For the UN General Assembly, Monday wrapped a full week that was both high-profile and high drama, with many world leaders using the past week as an opportunity to lash out at their neighbors.
CCTV’s Liling Tan reports the story
UNGA wraps with both progress and chaosFor the UN General Assembly, Monday wrapped a full week that was both high-profile and high drama, with many world leaders using the past week as an opportunity to lash out at their neighbors.
South Korea and Japan slammed the DPRK over its nuclear ambitions. The DPRK raged against the U.S. and South Korea over their military provocations. It was also India versus Pakistan over Kashmir? And Ukraine raging against Russia.
“The reason why North Korea has failed(as a state) is because of its fanatical and reckless pursuit of nuclear and missile programs,” said Yun Byung-Se, the South Korean foreign minister.
The week had begun with two summits on how to help more than 21 million refugees, and even though countries agreed to raise aid funding by $4.5 billion, nations had protested plans to resettle 10 percent of the refugee population each year, and NGOs accused the U.N. of missing an opportunity to really make a difference.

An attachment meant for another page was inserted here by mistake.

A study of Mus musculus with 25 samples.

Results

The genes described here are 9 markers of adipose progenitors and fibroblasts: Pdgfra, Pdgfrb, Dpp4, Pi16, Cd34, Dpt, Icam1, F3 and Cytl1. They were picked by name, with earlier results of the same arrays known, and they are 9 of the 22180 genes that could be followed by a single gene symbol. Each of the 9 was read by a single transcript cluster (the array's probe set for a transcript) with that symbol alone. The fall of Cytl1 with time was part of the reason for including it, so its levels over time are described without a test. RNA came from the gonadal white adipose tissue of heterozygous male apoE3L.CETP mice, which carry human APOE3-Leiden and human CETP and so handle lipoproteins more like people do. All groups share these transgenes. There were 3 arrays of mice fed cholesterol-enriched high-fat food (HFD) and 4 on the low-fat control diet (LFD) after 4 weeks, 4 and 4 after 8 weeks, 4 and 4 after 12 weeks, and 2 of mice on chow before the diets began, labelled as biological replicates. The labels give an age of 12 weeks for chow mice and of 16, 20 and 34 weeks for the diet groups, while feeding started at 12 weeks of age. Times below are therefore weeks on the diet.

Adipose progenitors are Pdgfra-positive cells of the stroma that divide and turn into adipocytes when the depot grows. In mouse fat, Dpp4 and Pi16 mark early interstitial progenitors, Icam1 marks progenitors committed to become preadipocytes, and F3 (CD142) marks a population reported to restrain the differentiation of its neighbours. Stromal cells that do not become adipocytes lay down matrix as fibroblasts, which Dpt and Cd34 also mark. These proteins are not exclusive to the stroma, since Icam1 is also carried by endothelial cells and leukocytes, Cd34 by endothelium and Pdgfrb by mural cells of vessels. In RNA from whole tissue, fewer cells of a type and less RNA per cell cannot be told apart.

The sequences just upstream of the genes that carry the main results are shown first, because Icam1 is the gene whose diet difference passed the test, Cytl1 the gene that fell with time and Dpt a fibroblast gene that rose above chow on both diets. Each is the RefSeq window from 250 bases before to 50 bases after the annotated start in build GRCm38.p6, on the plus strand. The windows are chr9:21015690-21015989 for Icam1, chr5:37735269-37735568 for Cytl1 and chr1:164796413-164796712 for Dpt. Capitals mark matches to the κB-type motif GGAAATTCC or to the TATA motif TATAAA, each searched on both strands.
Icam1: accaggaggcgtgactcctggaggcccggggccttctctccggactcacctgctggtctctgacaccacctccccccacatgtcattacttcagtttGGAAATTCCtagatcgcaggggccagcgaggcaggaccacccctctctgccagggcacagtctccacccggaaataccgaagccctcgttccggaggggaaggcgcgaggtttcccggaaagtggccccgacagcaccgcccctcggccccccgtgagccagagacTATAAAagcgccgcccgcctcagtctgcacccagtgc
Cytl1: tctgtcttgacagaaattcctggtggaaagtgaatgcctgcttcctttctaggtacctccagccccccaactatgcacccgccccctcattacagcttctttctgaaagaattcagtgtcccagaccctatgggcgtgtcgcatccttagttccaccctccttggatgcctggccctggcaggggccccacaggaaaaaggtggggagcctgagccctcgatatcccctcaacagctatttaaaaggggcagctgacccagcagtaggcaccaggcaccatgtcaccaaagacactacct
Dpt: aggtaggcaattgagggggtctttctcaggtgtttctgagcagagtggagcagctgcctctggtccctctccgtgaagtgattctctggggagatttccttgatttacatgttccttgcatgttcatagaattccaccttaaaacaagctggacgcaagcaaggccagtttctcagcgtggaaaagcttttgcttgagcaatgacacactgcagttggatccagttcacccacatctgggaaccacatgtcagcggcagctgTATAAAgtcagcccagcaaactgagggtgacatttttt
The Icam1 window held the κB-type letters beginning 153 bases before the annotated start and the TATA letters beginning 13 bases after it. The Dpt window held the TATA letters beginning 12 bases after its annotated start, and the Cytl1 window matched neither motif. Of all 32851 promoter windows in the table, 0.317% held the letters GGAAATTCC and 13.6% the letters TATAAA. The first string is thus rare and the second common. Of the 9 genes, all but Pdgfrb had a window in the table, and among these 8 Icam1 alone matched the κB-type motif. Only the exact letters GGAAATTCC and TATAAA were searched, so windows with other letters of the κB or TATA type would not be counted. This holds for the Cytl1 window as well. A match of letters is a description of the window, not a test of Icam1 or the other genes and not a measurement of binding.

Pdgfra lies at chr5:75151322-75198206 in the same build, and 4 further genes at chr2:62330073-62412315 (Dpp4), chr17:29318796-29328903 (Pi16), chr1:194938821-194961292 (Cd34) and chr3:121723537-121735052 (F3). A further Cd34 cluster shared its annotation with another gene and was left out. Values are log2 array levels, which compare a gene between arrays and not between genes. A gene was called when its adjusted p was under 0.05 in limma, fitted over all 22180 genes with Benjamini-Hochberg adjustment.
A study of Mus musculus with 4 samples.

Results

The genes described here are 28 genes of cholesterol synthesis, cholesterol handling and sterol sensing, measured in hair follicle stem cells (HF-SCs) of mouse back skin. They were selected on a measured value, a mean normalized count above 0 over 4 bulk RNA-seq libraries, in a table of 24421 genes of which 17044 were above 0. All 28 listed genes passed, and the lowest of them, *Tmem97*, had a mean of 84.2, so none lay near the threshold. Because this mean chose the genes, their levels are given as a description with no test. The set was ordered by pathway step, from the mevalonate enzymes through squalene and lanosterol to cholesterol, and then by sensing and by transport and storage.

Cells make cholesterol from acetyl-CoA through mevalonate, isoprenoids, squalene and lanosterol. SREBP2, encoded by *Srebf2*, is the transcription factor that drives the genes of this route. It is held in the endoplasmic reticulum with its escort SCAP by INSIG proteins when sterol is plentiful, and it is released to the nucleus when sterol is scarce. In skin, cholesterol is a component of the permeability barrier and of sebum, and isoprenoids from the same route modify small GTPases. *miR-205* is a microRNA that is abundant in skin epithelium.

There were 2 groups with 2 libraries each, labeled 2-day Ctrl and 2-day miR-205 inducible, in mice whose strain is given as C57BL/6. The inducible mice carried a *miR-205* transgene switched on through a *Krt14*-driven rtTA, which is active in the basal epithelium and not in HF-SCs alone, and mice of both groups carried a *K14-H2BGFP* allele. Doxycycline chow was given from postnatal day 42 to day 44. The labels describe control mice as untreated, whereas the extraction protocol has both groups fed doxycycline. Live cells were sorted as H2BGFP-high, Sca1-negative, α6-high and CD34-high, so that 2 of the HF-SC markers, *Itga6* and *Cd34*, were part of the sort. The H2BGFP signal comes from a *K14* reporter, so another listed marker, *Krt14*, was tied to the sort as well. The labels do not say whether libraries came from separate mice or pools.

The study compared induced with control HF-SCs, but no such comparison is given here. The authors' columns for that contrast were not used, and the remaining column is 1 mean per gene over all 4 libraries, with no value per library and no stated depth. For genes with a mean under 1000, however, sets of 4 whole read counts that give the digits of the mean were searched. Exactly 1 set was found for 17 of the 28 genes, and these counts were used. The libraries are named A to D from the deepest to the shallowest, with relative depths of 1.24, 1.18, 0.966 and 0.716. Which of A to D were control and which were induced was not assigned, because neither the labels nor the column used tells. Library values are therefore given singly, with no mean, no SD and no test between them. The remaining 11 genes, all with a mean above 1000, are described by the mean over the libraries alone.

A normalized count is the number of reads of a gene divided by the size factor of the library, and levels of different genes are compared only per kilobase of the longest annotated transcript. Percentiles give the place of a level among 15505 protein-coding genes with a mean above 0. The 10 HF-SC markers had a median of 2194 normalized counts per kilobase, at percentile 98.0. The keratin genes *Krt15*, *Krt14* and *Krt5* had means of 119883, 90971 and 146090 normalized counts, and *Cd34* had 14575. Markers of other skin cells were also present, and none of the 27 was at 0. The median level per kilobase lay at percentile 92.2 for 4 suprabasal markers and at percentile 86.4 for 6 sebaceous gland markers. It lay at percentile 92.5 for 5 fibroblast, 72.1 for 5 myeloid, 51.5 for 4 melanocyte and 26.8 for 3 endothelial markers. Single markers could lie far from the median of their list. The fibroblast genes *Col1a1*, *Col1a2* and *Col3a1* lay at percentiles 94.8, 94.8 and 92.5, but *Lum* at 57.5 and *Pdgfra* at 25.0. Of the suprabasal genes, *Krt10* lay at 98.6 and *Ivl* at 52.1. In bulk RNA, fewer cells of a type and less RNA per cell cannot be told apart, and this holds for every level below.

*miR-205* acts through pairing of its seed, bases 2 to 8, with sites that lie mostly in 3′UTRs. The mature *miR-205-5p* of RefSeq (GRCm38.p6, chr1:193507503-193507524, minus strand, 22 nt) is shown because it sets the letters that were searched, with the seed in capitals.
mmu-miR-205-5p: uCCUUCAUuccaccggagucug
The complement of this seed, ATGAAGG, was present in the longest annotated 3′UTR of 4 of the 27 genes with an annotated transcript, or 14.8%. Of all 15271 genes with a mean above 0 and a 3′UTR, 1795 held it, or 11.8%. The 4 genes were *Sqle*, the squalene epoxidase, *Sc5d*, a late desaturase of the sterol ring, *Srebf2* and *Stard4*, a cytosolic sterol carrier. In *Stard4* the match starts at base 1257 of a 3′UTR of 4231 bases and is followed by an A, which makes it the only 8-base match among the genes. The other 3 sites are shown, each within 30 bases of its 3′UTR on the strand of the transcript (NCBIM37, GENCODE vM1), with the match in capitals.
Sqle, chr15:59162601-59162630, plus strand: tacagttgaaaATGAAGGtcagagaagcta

Then, Syria happened, sidelining the debates after news broke that a U.N. aid convoy was attacked in Aleppo. The news put the Security Council in crisis mode but several urgent meetings ended up as a platform for the U.S. and Russia to trade barbs.
“What Russia is doing is not counter-terrorism. It’s barbarism,” said Samantha Power, the U.S. Ambassador to the UN.
“We need to see we’re talking about a sincere desire to separate those people who are working with the American coalition from Jabhat al-Nusra,” said Vitaly Churkin, the Russian Ambassador to the UN.
But there was some good news too. There was new momentum on the Sustainable Development Goals to end poverty and hunger, promote health, education and gender equality. Along with that, more than 30 countries ratify the Paris Climate Agreement which could now enter into force by year-end, and new commitments made to support U.N. programs, including from China, which announced plans to raise its annual funding to U.N. agencies by $100 million.
Daniel Serwer on refugee crisis and Syria
To further discuss the latest in the refugee crisis and the UNGA reactions to the events, CCTV America’s Asieh Namdar spoke with Daniel Serwer, director of Conflict Management Program at Johns Hopkins School of Advanced International Studies (SAIS).